Friday, January 23, 2009

The Mild Tales of Despereaux

A while ago, Emily Bazelon, arguing against the Tales of Despereaux's G-rating, lamented its violent scenes. This was despite the fact that, having exposed her children to the book, it seemed not to appeal to kids above the age of 8. At the time, I lamented the difficulty of ratings for kids movies and reviews that didn't involve an adult sitting next to a kid. As Bazelon's 5 year old was scared by the movie, I excluded our 4 year old and took the 10 and 8 year old to see it today.

Well I have to say, that the picture of extended violence seemed hardly what was going on. There were a couple of scenes which were scary but no more than all manner of similar scenes in animated movies today -- G-rated or otherwise. I can contrast this with Bolt. If anything, what was different in Despereaux was that the chase and other scary scenes were not humerous. Indeed, there was no humour at all in the movie -- reminding my more of the beautiful Iron Giant than the usual fare.

Instead what we have is a cinematic masterpiece. The picture painted was reminscient of Eastern European paintings of pre-industrial urban life. And the entire story, based on a mavrick mouse and rat, was beautifully crafted. Indeed, I don't want to give too much away because it is such a pleasant and satisfying ride. It isn't shockingly unpredictable but it does involve a story of relationships between individuals and also society that is worthwhile.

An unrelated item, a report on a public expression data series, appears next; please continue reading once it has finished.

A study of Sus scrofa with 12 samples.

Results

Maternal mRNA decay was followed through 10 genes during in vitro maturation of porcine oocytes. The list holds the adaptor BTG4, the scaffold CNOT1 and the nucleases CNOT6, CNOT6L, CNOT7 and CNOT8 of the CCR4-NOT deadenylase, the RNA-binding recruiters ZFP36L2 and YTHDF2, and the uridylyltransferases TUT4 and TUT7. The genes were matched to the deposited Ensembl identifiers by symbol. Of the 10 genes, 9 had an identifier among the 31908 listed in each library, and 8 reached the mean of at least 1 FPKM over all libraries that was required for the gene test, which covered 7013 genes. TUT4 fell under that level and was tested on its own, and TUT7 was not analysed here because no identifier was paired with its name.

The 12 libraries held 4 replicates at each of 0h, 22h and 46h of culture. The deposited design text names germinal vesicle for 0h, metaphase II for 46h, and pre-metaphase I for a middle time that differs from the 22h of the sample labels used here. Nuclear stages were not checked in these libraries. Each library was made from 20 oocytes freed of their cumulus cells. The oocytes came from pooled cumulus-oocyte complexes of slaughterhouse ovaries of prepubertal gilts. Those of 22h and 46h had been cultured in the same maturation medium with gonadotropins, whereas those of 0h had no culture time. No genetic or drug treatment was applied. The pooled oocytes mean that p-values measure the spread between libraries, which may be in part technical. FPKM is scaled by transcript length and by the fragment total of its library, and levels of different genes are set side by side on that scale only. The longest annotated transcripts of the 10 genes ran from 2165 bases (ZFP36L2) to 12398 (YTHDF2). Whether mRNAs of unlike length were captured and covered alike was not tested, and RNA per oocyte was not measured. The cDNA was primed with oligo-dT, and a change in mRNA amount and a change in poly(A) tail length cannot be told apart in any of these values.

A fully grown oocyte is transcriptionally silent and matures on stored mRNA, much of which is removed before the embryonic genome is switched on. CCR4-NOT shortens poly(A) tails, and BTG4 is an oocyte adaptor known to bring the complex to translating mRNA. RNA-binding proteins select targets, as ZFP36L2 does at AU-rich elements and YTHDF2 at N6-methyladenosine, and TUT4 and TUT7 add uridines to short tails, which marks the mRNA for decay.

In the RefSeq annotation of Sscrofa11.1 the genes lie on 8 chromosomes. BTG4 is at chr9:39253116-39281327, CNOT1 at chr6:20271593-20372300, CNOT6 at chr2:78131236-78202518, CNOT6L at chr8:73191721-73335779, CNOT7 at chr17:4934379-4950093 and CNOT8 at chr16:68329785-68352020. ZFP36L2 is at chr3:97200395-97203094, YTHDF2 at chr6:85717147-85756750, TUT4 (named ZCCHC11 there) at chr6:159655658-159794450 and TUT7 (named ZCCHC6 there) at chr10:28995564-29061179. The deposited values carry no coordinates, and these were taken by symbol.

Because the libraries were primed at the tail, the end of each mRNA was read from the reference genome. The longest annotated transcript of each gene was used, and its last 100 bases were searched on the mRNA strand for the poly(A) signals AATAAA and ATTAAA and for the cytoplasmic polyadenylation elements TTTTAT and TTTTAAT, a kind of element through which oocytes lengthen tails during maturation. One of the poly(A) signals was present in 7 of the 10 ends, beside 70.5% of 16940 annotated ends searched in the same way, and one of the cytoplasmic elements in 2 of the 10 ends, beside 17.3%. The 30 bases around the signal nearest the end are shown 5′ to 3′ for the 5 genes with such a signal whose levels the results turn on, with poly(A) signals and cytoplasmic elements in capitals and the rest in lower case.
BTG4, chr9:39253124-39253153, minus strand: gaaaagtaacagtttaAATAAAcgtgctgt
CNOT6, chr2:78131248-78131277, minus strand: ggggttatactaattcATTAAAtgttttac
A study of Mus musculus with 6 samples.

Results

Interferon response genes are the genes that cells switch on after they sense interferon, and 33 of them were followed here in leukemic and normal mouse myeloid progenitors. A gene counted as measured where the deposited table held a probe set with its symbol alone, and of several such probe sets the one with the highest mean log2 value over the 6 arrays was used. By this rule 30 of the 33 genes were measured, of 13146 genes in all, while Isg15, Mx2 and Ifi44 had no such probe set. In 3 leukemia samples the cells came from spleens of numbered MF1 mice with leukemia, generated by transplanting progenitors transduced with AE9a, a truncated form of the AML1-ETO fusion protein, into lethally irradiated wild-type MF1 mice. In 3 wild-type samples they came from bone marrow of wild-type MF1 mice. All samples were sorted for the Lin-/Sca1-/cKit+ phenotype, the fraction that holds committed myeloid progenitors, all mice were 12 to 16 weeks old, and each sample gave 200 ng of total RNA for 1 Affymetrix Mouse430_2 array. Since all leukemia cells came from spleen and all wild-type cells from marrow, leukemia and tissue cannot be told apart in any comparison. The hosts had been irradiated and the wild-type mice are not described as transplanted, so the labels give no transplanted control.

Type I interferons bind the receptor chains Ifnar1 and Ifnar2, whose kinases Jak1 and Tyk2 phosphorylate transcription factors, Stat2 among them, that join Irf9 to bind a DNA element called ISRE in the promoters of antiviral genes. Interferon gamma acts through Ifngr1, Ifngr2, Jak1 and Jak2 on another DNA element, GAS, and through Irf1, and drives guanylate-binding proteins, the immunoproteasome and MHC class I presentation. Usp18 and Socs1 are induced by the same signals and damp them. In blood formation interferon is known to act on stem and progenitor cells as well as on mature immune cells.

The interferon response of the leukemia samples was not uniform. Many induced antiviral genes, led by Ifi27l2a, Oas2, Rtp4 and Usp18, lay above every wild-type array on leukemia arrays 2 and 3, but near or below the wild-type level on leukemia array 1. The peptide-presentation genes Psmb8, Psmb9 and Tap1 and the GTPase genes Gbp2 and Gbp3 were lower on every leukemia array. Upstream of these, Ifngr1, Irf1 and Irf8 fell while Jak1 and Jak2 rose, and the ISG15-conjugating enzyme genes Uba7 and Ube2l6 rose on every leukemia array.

But there is a moment of irony. One of the key themes is the mice world that spends all of its time indoctrinating themselves and their children to be afraid. It isn't subtle but I could not help but think about Bazelon's concerns and fears taking her children to this movie. Was that concern the equivalent of mouse indoctrination? Are we guessing about what our children are thinking and what they regard as scary and permitting those emotions? The alternative to cowering being a posture of a lack of concern and confidence. Actually, I have no idea. But that thought did occur to me during this movie. And apparently, we as parents don't really know very much about our children so it is right to ask these questions.

So my assessment of Tales of Despereaux is that it is a great family movie. My 10 and 8 year old enjoyed it but didn't laugh at all. And my attention was fully there thinking this is the sort of higher level movie that I should be taking my kids too. Utility and satisfaction all around.